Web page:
The Heap. Artist: John Belfi.


Medium: Comic books
Published by: Hillman Periodicals
First Appeared: 1942
Creators: Harry Stein (writer) and Mort Leav (artist)


Well, it might be because that shambling muck monster started out as a flying adventurer — a World War I German ace, to be exact. But a more likely reason is that it just kinda happened. He was apparently intended merely as a menace for one of the comic's less prominent regulars to fight, returned, became a recurring character, and eventually starred in his own series.

The Heap was comics' very first shambling muck monster, tho he was undoubtedly inspired by Theodore Sturgeon's 1940 short story, "It", the template for all shambling muck monsters to come. "It" told of a man who died in a swamp, fermented in a broth of rotting vegetation, and eventually rose again, half man, half fetid vegetable matter, to wreak vengeance upon his foes. Another prominent "It"-inspired comic book character of the 1940s was DC's Solomon Grundy, who bedeviled Green Lantern starting in 1944.

In The Heap's case, the man in the muck was Baron von Emmelmann, who had everything to live for — wealth, social position, loving wife, baby he hadn't yet seen, etc. — when, on October 12, 1918, his plane was shot down over Poland's Wausau Swamp. Lying lifeless as his body slowly merged with the morass, he had nothing left but his will to live, to rise, to return to the world of humans. It took more than 20 years, but rise he did — in the back pages of Air Fighters #3 (December, 1942), where he met Sky Wolf, a minor Blackhawk knock-off.

At the end of that story, The Heap was apparently dead, but you know how it is with monsters. He was back a few months later, back again a few months after that, etc. Readers seemed to like him because although mindless, he wasn't really a bad guy. It's true, he did occasionally eat farm animals whole, but that's only because he couldn't breathe, and needed the oxygen in their blood. The only humans he harmed were themselves bad guys, such as Nazis and Japanese officers.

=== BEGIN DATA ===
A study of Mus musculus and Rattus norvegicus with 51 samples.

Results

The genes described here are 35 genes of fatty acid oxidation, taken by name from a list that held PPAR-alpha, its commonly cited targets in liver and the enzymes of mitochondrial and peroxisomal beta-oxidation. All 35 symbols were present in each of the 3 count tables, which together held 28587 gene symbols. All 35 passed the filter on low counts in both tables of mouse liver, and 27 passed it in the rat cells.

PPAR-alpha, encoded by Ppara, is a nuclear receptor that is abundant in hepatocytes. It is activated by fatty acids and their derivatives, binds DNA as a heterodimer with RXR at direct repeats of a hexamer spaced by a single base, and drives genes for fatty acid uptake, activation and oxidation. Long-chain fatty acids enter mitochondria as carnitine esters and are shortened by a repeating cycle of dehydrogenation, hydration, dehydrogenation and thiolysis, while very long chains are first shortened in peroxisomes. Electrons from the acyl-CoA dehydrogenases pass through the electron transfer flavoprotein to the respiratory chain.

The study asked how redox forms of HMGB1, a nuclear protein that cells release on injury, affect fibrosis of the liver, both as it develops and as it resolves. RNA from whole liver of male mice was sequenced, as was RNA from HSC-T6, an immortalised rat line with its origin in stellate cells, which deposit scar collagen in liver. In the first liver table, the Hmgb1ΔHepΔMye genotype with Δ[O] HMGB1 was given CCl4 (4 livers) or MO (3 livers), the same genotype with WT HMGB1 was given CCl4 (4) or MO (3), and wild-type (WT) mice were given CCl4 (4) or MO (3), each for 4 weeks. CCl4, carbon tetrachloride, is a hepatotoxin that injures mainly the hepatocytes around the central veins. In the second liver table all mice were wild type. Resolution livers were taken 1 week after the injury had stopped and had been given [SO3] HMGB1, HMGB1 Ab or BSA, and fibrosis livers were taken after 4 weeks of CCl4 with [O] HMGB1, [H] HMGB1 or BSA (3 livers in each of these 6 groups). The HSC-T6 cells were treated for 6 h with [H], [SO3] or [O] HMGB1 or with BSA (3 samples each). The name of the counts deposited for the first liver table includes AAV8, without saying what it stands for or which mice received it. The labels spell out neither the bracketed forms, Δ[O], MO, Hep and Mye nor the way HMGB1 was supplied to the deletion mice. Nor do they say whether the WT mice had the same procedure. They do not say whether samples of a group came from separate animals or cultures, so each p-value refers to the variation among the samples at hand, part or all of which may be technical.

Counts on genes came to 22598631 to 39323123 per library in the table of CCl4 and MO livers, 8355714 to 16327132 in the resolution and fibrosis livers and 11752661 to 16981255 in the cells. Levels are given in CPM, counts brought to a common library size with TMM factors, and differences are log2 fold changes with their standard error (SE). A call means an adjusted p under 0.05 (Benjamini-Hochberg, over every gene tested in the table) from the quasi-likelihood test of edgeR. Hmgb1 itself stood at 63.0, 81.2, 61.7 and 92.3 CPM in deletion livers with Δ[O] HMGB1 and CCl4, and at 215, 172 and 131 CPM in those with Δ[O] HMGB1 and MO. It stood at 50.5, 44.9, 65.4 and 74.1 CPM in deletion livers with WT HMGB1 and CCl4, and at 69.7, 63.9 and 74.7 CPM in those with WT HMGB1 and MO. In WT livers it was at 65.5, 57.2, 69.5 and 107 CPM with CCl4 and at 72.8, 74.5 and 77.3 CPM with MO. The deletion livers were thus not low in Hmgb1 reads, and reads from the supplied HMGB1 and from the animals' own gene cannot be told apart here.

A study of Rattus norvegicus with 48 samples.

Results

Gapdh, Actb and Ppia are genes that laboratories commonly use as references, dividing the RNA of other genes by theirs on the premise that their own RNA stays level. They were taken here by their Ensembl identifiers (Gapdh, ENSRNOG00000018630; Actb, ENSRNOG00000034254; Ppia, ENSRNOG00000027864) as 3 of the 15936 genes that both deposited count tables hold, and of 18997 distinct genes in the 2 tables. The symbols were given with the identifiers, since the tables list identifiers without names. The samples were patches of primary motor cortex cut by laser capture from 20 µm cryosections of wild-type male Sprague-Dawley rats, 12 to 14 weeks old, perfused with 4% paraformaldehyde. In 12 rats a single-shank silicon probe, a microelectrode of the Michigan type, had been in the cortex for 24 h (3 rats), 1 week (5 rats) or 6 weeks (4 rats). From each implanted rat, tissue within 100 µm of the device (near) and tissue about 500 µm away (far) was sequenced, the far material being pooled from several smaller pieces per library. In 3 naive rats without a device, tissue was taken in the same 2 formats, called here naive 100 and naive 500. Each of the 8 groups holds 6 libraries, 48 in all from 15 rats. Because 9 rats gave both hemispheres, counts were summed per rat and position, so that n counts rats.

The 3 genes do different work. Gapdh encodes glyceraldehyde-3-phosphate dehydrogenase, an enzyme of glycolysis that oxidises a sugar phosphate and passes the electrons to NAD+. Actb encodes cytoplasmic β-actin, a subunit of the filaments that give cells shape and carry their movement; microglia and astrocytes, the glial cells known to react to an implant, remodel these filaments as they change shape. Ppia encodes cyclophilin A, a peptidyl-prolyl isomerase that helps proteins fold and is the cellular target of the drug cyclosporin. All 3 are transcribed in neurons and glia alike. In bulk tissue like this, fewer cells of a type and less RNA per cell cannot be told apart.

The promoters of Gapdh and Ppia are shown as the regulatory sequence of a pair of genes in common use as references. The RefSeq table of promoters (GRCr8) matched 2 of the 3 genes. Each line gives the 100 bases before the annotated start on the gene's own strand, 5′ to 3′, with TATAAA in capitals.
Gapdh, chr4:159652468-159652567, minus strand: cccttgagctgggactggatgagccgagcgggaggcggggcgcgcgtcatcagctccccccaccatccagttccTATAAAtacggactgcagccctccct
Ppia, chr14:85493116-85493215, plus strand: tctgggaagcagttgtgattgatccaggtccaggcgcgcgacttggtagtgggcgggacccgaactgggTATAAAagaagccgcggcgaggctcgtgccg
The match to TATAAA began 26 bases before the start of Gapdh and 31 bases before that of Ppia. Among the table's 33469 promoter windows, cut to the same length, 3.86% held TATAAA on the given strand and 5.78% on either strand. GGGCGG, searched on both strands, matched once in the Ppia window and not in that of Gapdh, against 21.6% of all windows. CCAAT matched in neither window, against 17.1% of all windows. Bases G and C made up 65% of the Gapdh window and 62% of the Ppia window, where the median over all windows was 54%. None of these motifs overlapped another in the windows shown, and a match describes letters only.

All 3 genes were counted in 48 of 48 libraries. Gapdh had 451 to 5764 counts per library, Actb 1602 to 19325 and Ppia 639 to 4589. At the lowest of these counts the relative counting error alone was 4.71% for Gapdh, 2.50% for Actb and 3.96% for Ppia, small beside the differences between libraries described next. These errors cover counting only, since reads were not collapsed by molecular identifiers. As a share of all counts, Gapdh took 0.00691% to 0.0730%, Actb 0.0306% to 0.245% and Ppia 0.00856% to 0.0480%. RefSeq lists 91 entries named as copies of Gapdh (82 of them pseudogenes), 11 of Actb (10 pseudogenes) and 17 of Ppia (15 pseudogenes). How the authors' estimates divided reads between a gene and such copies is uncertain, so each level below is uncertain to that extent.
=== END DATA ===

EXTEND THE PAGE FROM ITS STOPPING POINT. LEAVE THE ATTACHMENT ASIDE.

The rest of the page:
When World War II ended, Sky Wolf's raison d'etre was gone, as were those of most of his Air Fighters Comics compatriots. The comic was re-titled after its lead feature, Airboy, and one by one, the aviators in the back pages drifted off into comic book limbo (Sky Wolf's final appearance was in the January, 1947 issue). As for The Heap, his series began in vol. 3 #9 (October, 1946). When, as the 1950s approached, horror became a prominent genre in comics, The Heap was even featured on a few covers. The series lasted as long as Hillman Periodicals itself did, ending in the final issue of Airboy Comics (vol. 10 #4, May, 1953).

By about 1955, The Comics Code Authority had put an end to horror comic books, so it was a couple of decades before shambling muck monsters were seen again in that medium. But in the early 1970s, Code strictures were relaxed, making horror once again a viable comic book genre. Marvel Comics launched Man-Thing, DC launched Swamp Thing, and a very minor publisher named Skywald launched … The Heap. Skywald's version debuted in the second issue (March, 1971) of Psycho, a comic book formatted like Mad or Vampirella, i.e., magazine-size and printed in black and white. He also, briefly, appeared in a comic published in the regular format. Skywald faded from the scene a few years later.

It's unlikely Skywald, which had been in the habit of making free use of the properties of its defunct brethren, bothered to secure authorization from Hillman, but The Heap's next publisher, Eclipse Enterprises, did. It bought Hillman's properties before launching a revival of Airboy in 1986, and made The Heap a supporting character there. When Eclipse went bankrupt, its assets were purchased by Todd McFarlane, whose popular character, Spawn, which first appeared in 1992, had made him a millionaire. McFarlane gave the name to a monster that looks like a cross between The Creature from the Black Lagoon and Alien. This version of The Heap, which seems to have no connection at all to the original (instead of a German air ace, he's reconstructed from an American street derelict), has been used only as an occasional supporting character.

Which seems to have taken the character full circle. From here — who knows?